Just a few years ago, the idea of prepaid electricity service was a novelty amongst a handful of municipal and cooperative utilities in the U.S. While prepaid service is common in many other parts of the world, it just doesn’t click with American consumers, even though they prepay for plenty of other services.
Now, prepaid electricity is starting to pick up steam as big cellular companies try to grab a piece of the burgeoning market. For example, earlier this summer, AT&T announced it was the sole provider for PayGo’s utility payment solutions.
“Nearly 30 percent of people are on a prepay mobile plan in 2013,” said Ed Davalos, lead product marketing manager at AT&T, during a recent Greentech Media webinar. “That cannot be overlooked. The consumer has already changed.”
Contrast that with the less than 1 percent of the 30 million electric customers with smart meters that are on a prepay plan, according to a study by DEFG EcoAlign. Utilities and regulators are interested in the opportunity, according to Davalos.
In a study conducted by AT&T, one-third of utilities surveyed said they would be very likely to implement prepay if it could be done for no or low cost. Nearly another third said they were somewhat likely to do it for no or low cost.
For utilities, the drive is to decrease the amount of money that is lost to uncollectible bills. AT&T’s survey found that utilities send disconnect notices to nearly 10 percent of all residential customers each month, with about 3 percent to 5 percent of those actually being disconnected.
AT&T estimated that a utility with 250,000 customers and a 10 percent penetration rate of prepay would save between $5 million and $15 million per year. Another advantage is that customers on prepay use about 11 percent less electricity per month, a meaningful rate of savings for utilities looking to meet energy efficiency resource standards.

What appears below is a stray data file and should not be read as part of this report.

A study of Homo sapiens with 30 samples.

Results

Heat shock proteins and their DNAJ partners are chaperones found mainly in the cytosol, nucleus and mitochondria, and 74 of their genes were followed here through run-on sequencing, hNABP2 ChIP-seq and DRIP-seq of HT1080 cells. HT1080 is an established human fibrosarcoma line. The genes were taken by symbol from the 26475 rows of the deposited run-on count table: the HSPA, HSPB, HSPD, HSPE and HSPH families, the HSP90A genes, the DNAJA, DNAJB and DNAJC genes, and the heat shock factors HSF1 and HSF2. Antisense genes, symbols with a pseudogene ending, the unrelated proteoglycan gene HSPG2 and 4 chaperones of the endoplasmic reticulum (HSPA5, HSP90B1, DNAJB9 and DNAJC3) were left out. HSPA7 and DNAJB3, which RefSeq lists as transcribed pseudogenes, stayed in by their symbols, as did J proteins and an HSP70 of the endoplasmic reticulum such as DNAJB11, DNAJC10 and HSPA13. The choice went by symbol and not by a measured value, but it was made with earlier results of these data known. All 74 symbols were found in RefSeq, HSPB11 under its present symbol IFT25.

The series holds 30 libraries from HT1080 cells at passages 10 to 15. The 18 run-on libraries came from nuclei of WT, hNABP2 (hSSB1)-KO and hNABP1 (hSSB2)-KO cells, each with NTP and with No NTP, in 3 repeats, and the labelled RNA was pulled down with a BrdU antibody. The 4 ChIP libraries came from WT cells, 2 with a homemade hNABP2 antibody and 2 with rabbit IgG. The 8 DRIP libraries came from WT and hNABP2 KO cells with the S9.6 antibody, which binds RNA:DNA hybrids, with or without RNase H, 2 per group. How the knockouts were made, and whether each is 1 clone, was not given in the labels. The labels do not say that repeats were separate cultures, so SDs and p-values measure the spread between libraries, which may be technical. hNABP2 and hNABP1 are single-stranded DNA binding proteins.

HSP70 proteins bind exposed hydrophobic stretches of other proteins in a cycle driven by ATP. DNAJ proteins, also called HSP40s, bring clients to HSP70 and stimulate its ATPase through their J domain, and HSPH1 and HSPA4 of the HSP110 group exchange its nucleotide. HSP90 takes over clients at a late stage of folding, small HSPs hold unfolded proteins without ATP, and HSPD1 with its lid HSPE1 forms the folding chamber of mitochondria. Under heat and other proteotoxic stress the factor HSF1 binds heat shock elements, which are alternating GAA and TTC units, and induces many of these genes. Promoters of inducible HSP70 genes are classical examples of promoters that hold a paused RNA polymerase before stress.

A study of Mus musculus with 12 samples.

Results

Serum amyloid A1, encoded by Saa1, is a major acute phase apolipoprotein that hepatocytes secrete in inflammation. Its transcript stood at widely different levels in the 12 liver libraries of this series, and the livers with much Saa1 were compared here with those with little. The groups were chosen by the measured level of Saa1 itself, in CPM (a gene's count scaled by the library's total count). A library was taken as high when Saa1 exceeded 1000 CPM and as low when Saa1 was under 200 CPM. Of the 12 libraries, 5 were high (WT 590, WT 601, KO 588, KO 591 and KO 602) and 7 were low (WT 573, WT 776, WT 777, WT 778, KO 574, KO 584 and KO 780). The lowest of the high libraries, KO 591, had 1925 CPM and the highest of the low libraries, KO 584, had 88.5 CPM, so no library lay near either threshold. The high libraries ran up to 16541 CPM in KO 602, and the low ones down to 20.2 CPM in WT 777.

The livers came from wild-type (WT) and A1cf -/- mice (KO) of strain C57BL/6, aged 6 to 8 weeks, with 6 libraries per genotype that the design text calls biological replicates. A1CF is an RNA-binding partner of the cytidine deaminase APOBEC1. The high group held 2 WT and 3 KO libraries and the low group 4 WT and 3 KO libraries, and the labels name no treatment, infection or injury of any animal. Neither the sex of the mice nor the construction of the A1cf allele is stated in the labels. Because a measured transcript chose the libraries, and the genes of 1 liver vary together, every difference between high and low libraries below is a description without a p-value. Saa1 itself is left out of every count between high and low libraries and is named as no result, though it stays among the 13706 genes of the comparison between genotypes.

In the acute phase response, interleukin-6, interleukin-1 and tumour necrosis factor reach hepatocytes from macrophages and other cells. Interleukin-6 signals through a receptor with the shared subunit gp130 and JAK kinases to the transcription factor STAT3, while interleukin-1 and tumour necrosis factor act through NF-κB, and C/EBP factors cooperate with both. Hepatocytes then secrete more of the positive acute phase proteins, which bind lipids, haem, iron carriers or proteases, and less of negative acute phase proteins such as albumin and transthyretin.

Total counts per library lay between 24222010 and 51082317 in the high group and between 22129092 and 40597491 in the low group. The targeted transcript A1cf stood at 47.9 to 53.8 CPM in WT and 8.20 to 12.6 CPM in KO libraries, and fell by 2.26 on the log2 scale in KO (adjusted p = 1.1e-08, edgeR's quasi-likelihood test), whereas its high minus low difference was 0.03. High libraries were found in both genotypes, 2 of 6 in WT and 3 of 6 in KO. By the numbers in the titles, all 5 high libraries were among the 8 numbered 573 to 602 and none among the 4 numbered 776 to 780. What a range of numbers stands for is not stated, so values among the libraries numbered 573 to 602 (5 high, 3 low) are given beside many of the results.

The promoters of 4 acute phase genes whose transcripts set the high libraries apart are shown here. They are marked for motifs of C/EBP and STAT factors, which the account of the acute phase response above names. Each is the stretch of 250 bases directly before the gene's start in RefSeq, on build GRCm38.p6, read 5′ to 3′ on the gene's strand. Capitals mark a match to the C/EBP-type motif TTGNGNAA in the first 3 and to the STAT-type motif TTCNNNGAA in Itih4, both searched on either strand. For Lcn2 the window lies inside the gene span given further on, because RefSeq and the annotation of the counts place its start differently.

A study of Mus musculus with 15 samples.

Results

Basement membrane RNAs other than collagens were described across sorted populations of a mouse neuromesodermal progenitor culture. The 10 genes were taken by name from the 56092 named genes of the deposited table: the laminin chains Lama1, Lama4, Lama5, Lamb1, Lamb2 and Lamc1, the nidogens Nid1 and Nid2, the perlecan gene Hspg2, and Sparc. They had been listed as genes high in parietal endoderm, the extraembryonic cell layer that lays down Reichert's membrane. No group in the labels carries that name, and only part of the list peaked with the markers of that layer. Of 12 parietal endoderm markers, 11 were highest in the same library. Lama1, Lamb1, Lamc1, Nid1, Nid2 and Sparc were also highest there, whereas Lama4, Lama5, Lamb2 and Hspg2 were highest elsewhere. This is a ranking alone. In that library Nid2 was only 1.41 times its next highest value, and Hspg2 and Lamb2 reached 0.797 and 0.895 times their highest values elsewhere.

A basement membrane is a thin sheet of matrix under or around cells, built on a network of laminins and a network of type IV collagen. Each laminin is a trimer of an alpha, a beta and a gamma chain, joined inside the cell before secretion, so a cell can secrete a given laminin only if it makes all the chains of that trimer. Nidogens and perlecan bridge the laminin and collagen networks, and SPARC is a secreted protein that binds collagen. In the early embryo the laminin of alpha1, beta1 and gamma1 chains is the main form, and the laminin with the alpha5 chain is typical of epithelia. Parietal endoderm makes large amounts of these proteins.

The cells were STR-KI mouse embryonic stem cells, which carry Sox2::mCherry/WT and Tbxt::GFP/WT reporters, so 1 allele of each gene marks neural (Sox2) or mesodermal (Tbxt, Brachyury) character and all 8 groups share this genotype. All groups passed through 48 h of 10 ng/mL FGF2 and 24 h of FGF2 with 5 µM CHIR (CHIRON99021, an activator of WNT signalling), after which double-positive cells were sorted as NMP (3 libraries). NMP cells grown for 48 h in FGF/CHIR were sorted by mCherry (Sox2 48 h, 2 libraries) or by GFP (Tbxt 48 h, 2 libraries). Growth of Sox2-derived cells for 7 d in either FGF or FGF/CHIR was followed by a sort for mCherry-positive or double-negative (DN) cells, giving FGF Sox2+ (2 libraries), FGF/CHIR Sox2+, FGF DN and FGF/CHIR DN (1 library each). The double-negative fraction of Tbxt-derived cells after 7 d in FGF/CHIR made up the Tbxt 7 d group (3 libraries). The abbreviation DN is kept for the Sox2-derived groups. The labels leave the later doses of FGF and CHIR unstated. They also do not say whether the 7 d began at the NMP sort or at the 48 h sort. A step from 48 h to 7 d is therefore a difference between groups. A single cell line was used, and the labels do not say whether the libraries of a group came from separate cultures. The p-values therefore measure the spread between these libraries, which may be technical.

Like everything else with utilities, however, regulation is key. Many states require utilities to visit a home before shutting off service. But prepay would be an option that customers could choose, argued Davalos, and regulators are evaluating how utilities can use smart meter technology to offer more choice to customers.
“Now is the time to accelerate prepay solutions, because technology has enabled the consumer,” he argued. Davalos added that regulators could define situational parameters, such as certain high or low temperature thresholds, during which utilities could not remotely disconnect a customer's service. In Texas, for example, accounts cannot be shut off during natural disasters.
Another issue is latency and payment options. A successful prepay plan would offer customers near-real-time data on their usage, and utilities would also have to be able to turn service back on in near-real time. Like other prepay services, there would need to be options to allow customers to pay and enroll online, although there could be a need for payment kiosks as well.
Many utilities, which tend to be risk-averse by nature, are likely waiting for someone else to take the leap first. Salt River Project has had a successful prepay program for years, but many large investor-owned utilities are just starting to come around to the idea.
Consumers Energy in Michigan is already dipping its toe in the water with a plan for a 1,000-customer pilot to test prepay. Even if the state’s regulators approve it, however, it will not begin until fall 2014.
Hear even more about what AT&T is up to in the utility sector at our second annual Soft Grid conference October 1-2.